The Perfect 10 by Richard Williams

Why include the obnoxious Bergcamp?

In the hands of a lesser writer such musings could seem pretentious; after all, these are football players we're talking about, not composers or artists. But it's a mark of the quality of this book that such comments fit gracefully into William's vision of the game. And it's true that those he has selected - among them such greats as Puskas, Pelé, Platini, Maradona and Zidane - somehow transcend their sport to embody something altogether more complex and mysterious: avatars, perhaps, of an ever-present human longing for something eternally out of reach.

Like most of the "best of" parlour games that fans like to conduct, it's not simply who makes it on to the list that excites debate, but the very criteria for qualification in the first place. And it's here that Williams reveals an idiosyncratic definition of what he perceives a "true" Number 10 to be: not simply a creative and imaginative playmaker but one who adheres to a strict, though vaguely defined, role. Thus those great players who did not wear a Number 10 shirt (De Stefano, Cruyff) are excluded, transparently enough, on the grounds of their shirt number; but other greats who did wear it - most notably Ruud Guillit - also fail to make the cut because they do not conform to William's vision of the role. Such quibbling illustrates a truism about football fans: that even the most gushing enthusiast enjoys a taste for disputation and demarcation that could shame a mediaeval scholastic philosopher.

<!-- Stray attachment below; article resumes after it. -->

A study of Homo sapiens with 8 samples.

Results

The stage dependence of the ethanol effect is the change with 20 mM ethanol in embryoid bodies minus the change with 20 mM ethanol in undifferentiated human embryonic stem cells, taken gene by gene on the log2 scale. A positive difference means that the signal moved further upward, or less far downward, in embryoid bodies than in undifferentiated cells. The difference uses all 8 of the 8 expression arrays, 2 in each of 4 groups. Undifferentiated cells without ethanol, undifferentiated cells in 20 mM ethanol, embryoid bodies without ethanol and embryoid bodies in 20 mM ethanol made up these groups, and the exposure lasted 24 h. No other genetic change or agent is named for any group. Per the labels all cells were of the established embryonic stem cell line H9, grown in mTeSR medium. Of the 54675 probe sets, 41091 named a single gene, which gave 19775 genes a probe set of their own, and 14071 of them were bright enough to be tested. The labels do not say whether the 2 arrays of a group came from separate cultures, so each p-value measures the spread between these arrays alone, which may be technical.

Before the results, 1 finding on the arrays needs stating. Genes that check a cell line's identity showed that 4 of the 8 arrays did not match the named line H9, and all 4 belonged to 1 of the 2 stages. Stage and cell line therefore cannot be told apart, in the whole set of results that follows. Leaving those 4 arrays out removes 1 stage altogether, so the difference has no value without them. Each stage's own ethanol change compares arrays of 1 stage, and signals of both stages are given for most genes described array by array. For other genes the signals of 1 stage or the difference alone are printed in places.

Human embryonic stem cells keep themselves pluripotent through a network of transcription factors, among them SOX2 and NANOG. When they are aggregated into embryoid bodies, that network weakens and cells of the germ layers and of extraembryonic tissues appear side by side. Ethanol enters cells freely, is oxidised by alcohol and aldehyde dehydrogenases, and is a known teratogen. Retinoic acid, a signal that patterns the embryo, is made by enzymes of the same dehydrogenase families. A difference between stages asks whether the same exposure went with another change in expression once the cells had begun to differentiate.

Fortunately, Williams does not dwell on his criteria of inclusion, but devotes the bulk of his book to an analysis and evocation of the players themselves. Unusually for a writer who makes his living in newspapers (Williams writes for The Guardian) he seems much more at ease in the wide open spaces of the book than in the set word counts of the columnist. His range of reference is wide (Jean Luc Godard, a brief history of Uruguayan football, and the Buddhist philosophy of the Soka Gakkai movement as practiced by Roberto Baggio, for instance, all figure here), and throughout he deploys his learning engagingly and to telling effect. Best of all, his enthusiasm for his subject radiates from every page. This is not simply an appreciation, but a love letter to the players, games, and breathtaking moments of skill that have illuminated William's experience of the football game.

My one objection to an impressive list is the writer's misjudged inclusion of the obnoxious Dennis Bergkamp in this pantheon. Tantalisingly, he details his agonies over the decision and mentions those who made way so the Dutchman could be included - notably the magical Brazilian, Zico. However, other than this single, though major, lapse in taste, there is little else to decry. Williams has assembled a top 10 (plus one) of magical football talent. For "these are men worth arguing over," he says, who are not as other players but "who treat the ball as their own, who stroke it with a velvet touch, who disdain hurry and scurry and seem to be gazing over the heads of their teammates and opponents alike, searching the horizon for some golden opportunity invisible to other men."